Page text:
OVER 10K KIDS IN CENTRAL VISAYAS VACCINATED VS. MEASLES
MEASLES UPDATE. Dr. Shelbay Blanco (left) of the Department of Health-7’s Regional Epidemiology and Surveillance Unit briefs the Cebu media on the measles outbreak in Central Visayas. With him at the press conference on Tuesday, Feb. 19, 2019, are assistant DOH-7 regional director Ellenieta Gamalo (center) and medical officer Dr. Jeanette Pauline Cortes. (Photo by Luel Galarpe)
CEBU CITY – More than 10,000 children and some adults in Region 7 have been vaccinated after the Department of Health (DOH) declared a measles outbreak in nine regions including Central Visayas last February 7.
Dr. Jeanette Pauline Cortes, Medical Officer IV of the DOH Central Visayas Center for Health Development, said in a press conference Tuesday that 10,577 individuals have been given measles-containing vaccines (MCV) since February 12 when the DOH-7 started its region-wide Outbreak Response Immunization (ORI) activities.
However, Cortes said the number is just 8 percent of their target of 371,000 because some parents still refuse to believe that vaccination is safe following the Dengvaxia controversy.
Assistant Health Regional Director Dr. Ellenieta Gamolo said they hope that more children will be vaccinated in the coming days as other local government units (LGU) have started their ORI this week.
“We have already deployed teams to all areas in Central Visayas to augment personnel to LGUs in the conduct of the ORI,” Gamolo said.
She said the number of cases has reached 316 with four fatalities recorded as of Tuesday. The four deaths were all in Cebu Province – in the towns of Moalboal, San Francisco (Camotes Island), Pinamungajan, and Carcar City.
“The last recorded death was an eight-month-old baby boy from Carcar who was brought here to Cebu City at the Vicente Sotto Memorial Medical Center. He expired last January 30,” Gamolo said.
Half of the total number of cases was recorded in highly-urbanized cities. Cebu Province, with three highly-urbanized cities, has 222 cases, Negros Oriental has 72, Bohol has 20, and Siquijor, which had none last week, now has two cases.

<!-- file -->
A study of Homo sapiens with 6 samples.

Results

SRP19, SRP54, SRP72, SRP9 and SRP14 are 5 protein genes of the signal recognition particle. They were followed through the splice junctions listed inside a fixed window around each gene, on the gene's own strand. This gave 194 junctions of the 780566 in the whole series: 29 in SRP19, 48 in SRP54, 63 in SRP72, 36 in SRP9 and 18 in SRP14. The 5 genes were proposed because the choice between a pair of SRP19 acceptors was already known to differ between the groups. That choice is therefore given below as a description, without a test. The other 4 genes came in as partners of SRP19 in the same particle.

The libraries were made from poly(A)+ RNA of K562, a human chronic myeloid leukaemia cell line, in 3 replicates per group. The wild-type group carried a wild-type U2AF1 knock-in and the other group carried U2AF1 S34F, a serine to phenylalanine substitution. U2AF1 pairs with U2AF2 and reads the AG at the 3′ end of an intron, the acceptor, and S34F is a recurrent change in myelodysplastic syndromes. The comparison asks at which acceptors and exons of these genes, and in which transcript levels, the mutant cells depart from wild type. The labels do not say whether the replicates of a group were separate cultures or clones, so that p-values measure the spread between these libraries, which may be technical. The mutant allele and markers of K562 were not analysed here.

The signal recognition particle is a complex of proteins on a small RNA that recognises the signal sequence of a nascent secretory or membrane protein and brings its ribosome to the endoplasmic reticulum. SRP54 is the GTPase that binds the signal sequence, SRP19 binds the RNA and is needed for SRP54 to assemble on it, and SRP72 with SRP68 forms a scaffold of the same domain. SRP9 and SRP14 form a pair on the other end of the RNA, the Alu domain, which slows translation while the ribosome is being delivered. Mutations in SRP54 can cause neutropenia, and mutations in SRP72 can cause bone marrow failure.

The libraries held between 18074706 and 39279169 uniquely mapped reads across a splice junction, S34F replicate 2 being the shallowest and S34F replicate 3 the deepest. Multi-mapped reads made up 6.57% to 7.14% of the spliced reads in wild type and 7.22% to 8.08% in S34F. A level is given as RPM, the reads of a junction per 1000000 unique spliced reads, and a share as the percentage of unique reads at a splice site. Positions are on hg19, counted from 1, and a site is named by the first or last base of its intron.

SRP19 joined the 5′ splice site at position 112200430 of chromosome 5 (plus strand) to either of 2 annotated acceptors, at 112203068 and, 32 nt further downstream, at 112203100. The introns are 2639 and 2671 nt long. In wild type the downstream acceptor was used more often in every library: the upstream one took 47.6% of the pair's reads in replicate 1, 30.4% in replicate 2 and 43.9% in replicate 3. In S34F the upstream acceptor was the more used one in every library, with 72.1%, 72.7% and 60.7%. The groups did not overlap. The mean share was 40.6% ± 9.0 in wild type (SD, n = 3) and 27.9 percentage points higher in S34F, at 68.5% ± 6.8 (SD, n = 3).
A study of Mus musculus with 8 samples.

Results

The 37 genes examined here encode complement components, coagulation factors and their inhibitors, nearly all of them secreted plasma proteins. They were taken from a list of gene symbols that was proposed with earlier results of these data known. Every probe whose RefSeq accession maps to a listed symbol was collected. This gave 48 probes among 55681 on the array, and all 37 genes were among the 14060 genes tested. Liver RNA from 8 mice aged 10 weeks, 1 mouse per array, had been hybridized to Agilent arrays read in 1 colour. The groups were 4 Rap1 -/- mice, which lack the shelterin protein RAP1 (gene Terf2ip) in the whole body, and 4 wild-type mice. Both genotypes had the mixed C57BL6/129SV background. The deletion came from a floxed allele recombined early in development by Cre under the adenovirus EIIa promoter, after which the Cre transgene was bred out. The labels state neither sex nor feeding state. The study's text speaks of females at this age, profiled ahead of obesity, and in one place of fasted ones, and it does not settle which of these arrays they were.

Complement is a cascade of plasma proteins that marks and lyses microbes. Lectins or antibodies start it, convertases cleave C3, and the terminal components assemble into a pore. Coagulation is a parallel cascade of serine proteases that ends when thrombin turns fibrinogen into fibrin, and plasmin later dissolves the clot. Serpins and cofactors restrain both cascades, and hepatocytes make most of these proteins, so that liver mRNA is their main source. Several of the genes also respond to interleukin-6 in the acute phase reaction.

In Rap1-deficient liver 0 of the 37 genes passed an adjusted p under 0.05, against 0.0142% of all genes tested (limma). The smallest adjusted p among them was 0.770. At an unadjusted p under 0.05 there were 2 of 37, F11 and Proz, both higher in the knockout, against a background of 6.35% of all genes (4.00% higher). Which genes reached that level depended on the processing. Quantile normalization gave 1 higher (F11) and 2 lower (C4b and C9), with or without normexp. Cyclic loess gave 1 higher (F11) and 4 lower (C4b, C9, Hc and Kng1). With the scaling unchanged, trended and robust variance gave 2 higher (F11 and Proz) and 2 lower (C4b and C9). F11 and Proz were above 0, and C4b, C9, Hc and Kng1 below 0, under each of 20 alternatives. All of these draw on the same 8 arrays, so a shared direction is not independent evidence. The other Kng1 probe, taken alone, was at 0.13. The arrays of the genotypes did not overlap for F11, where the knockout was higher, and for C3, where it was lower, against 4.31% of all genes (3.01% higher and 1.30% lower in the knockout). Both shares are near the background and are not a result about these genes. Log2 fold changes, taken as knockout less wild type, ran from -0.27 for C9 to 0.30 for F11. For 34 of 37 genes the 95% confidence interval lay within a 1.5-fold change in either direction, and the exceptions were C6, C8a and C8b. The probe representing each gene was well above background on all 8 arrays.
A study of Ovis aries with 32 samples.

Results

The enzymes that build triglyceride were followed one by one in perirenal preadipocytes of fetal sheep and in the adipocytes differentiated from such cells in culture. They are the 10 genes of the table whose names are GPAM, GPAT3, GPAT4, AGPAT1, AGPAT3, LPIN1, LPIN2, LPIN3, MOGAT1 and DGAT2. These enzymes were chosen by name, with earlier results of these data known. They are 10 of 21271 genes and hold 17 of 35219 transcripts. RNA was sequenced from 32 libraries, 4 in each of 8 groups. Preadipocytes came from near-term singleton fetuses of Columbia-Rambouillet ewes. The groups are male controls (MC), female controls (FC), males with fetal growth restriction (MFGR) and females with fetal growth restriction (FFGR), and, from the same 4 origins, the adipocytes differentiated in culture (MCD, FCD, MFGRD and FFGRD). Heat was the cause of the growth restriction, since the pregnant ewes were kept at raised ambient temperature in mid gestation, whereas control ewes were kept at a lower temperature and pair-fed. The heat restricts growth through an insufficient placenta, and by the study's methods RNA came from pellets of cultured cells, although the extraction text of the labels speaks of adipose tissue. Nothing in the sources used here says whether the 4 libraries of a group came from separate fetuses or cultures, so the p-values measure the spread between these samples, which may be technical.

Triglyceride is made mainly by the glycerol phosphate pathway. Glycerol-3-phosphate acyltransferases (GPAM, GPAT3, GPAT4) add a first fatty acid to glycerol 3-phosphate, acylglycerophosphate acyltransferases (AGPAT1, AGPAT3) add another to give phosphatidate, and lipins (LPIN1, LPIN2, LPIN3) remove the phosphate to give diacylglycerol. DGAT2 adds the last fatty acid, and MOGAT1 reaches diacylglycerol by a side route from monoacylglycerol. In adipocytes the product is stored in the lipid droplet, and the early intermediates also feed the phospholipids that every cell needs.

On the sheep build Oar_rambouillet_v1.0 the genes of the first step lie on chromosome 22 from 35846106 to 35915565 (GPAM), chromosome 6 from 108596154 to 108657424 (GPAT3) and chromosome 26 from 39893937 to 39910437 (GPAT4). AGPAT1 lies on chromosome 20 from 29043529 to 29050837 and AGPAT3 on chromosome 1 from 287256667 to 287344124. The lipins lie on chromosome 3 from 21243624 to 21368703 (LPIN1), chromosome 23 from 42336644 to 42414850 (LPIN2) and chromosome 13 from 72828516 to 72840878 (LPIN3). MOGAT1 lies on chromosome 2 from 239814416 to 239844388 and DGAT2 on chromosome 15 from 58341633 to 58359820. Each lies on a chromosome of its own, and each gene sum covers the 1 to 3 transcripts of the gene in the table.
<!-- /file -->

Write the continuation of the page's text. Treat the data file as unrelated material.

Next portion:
Dr. Shelbay Blanco of the Regional Epidemiology and Surveillance Unit said the DOH-7 has set up fast lanes in district hospitals to prioritize the treatment of patients with measles and also ordered barangay health centers and rural health units to establish vaccination posts.
Blanco said they have likewise met with representatives of private hospitals and urged them to adopt similar measures to prevent the virus from further spreading.
During an ORI, Blanco said all children aged 6 to 8 months must be given a dose of the MCV and be recorded as zero dose. The first dose will then be administered at 9 months old and the second dose at 12 months.
Gamalo said among the contributing factors in the spread of measles is the misconception of parents that one dose is enough for their children.
“Most parents don’t come back after the first dose. They think the second and third doses are no longer necessary. They believe their children are already immune to the virus after that single dose,” Gamalo said.
Because of this misconception, she said they are also conducting information dissemination in schools and house-to-house education campaigns in the barangays, aside from carrying out catch-up immunization and house-to-house immunization activities.
“Hopefully, with our all-out anti-measles campaigns and activities, the outbreak will be over by the end of March,” Gamalo said.
Meanwhile, the Cebu City Health Office is also planning to put up vaccination posts in malls around the city during weekends.
Gamolo said the City Health Office came up with the idea because parents usually go to the malls with their children on Saturdays and Sundays.